I have long admired Cameron Crowe, a Writer/Director who is a wordsmith, a keen observer of human nature, and an artist. He directed a movie that is one of my top 5 favorite movies of all time, Jerry Maguire, a movie I've probably watched 50 times. I can say all the lines.
Aloha is his latest effort, and I watched it last night and thoroughly enjoyed it. Unfortunately, the critics didn't like it.
I agree with Roosevelt on the subject of critics:
“It is not the critic who counts; not the man who points out how the strong man stumbles, or where the doer of deeds could have done them better. The credit belongs to the man who is actually in the arena, whose face is marred by dust and sweat and blood; who strives valiantly; who errs, who comes short again and again, because there is no effort without error and shortcoming; but who does actually strive to do the deeds; who knows great enthusiasms, the great devotions; who spends himself in a worthy cause; who at the best knows in the end the triumph of high achievement, and who at the worst, if he fails, at least fails while daring greatly, so that his place shall never be with those cold and timid souls who neither know victory nor defeat.”
Cameron Crowe has created a terrific movie that strives mightily. It has flaws. Aloha is not a perfect movie. However, it is very watchable, and moving.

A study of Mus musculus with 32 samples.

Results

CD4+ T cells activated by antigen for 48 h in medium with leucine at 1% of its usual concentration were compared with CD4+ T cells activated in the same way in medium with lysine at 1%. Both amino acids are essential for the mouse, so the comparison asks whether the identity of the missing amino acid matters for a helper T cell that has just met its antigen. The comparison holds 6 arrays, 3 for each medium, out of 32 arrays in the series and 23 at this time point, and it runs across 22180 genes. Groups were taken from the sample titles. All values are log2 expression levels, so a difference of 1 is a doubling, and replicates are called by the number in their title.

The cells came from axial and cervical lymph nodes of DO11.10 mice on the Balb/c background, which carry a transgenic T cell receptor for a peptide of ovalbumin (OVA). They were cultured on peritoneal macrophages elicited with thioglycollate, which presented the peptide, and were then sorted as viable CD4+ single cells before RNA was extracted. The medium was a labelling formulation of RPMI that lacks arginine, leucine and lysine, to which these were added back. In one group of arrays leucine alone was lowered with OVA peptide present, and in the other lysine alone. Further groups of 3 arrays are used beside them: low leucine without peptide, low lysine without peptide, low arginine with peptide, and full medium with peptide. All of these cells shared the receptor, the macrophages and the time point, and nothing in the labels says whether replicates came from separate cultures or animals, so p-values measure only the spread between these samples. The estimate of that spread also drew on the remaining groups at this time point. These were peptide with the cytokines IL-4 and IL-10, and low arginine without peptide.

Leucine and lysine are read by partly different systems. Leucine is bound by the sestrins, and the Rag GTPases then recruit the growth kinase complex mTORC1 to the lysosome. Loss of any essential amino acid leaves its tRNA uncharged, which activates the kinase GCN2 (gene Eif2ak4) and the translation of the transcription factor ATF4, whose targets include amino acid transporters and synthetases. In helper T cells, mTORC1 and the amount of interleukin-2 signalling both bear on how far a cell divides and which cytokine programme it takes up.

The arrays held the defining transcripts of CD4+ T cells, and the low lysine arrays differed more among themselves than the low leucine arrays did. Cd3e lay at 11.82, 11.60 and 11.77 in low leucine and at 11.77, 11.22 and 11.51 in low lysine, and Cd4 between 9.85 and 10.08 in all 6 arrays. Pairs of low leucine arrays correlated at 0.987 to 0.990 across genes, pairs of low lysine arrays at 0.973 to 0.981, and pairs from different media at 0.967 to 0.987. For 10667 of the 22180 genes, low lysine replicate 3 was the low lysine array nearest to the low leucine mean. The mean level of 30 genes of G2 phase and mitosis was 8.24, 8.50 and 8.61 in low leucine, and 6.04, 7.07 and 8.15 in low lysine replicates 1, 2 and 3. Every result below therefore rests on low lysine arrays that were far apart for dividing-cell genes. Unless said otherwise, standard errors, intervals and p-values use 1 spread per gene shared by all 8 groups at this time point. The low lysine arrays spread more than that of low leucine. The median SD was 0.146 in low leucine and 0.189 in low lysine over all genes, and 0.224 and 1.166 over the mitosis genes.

Michael watched it with me, and didn't look at his phone for most of the movie. Hey, a 19 year old who puts down his phone and pays attention, and is clearly and vocally delighted by many of the movie's scenes is a WIN in my book.
The main character in Aloha is Brian Gilchrist, played by the always watchable Bradley Cooper. His career is screwed up and he's been given a second chance. Yes, yes, I know the comparisons that will be made to Jerry Maguire. Cameron Crowe likes the theme of redemption. Seeing someone rebuild their life is endlessly fascinating. How can it not be? It's what we all wish for in the even of a catastrophe. Along the way, finding love with a feisty blonde is also a bonus.
Here's what I love about all the movies written by Cameron Crowe: he writes real people. His characters aren't just mouthing words that advance the plot. They don't just run from explosions. They seem like real people, people that you'd want to talk to at a party. Even the jerk characters are 3 dimensional. There's a character in Aloha who is constantly fiddling with things and waving his fingers -- and his nickname is "Fingers." I thought that was adorable. Critics probably hated it. Who cares.
Emma Stone plays a stereotypical gung-ho military type and at first I was rather amused and horrified with her character. Hollyweird tends to stereotype military folks and as the sister of a veteran, it pisses me off. However, Stone's character slowly becomes 3 dimensional as the movie goes on, and her performance is terrific. She deserves an Oscar nod. Ditto for Rachel McAdams, who is not one of the leads but has a very strong secondary role and really shines in it.
Finally, the movie was clearly shot in Hawaii. I feel like I got to go visit. No Travel Channel shots of the surf here. No romantic cliches. Aloha gives native Hawaiians their proper respect. There's cultural sensitivity. It's a side of Hawaii mainlanders rarely see, and I appreciated that.
My only real criticism of Aloha is that the script is a little bit hard to follow. It's complicated. There's a nice summary on Wikipedia, though, which explained it all.
Ignore the stupid critics. Rent Aloha from Netflix or RedBox or wherever. Just watch it and enjoy.